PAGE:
By now we’ve all witnessed Gucci’s foray into interiors with the release of their kitchen white goods range, which, true to Gucci style, is anything but white or dull. Think zingy reds and yellow fridges, toasters, and kettles, all blossoming with other, equally-bright flowers.
With that in mind, it might not come as a surprise to hear that Gucci’s creative director, Alessandro Michele has recently redesigned the historic Palazzo della Mercanzia in Florence (formerly the site of the Gucci Museo, dating 1337), to form Gucci Garden.
Not an actual garden, and much more than just a museum, the three-storey Gucci Garden includes an exhibition space, a premium restaurant and a boutique gift shop, all under one iconic roof.
The ground floor of Gucci Garden pioners real retail innovation as it sells slightly less-expensive-than-usual Gucci items, in a bid to enable more customers to buy into the brand, or indeed buy into the #guccification. The items on sale range from cushions and boxes, to notepads and books. The shop itself is a visual delight, filled with floral motifs and animal prints. Visitors can then climb the stairway of the ancient 13th-century palazzo to view the exhibition, which covers the upper two floors.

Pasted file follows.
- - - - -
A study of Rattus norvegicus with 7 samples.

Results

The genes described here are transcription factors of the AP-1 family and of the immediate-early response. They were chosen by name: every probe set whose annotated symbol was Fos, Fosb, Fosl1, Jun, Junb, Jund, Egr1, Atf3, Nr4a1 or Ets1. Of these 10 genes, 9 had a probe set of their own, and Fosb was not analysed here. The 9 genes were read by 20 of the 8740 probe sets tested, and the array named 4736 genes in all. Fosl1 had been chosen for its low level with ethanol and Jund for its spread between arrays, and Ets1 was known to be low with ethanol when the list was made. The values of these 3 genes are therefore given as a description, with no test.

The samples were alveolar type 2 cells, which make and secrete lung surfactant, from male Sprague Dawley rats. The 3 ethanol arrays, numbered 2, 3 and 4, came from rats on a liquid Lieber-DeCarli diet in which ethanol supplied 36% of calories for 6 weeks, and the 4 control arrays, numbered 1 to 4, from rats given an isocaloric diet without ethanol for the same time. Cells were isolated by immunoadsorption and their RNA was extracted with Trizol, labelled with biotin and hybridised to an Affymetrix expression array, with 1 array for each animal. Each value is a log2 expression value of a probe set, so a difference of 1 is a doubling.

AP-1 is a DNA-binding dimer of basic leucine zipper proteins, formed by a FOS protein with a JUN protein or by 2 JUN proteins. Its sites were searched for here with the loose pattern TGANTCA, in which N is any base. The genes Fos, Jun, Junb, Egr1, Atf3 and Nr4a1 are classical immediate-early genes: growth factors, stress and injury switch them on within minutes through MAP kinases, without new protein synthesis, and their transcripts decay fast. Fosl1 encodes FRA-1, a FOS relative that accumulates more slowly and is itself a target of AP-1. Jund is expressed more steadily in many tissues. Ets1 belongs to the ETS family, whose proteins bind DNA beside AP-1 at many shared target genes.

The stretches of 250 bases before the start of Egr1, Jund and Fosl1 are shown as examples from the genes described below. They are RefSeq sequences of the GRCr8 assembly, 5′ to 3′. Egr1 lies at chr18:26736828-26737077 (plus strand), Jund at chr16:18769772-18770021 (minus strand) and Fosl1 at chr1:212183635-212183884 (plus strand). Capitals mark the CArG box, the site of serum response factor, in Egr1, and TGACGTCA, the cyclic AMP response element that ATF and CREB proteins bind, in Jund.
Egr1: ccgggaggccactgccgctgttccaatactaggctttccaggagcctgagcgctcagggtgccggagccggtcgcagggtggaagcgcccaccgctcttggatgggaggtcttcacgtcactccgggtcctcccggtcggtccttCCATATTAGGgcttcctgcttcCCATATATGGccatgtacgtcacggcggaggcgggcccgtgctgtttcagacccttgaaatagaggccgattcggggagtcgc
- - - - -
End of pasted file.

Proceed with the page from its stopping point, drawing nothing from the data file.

The Gucci Garden Galleria tells the story of Gucci’s vibrant history via an exhibition that includes clothing, video installations, and of course multiple incarnations of the brand’s iconic emblem. The exhibition curated by Alessandro Michele and Maria Luisa Frisa.
According to Alessandro, “It’s clear now that the world is not interested in things which have no soul or meaning… With this store I was thinking about somewhere I would love to go, and somewhere to have fun. It’s more accessible than our other stores.”
And it seems clear that Michele has achieved just that, making something that appeals to the museum-goer, food snob, and fashion obsessive alike.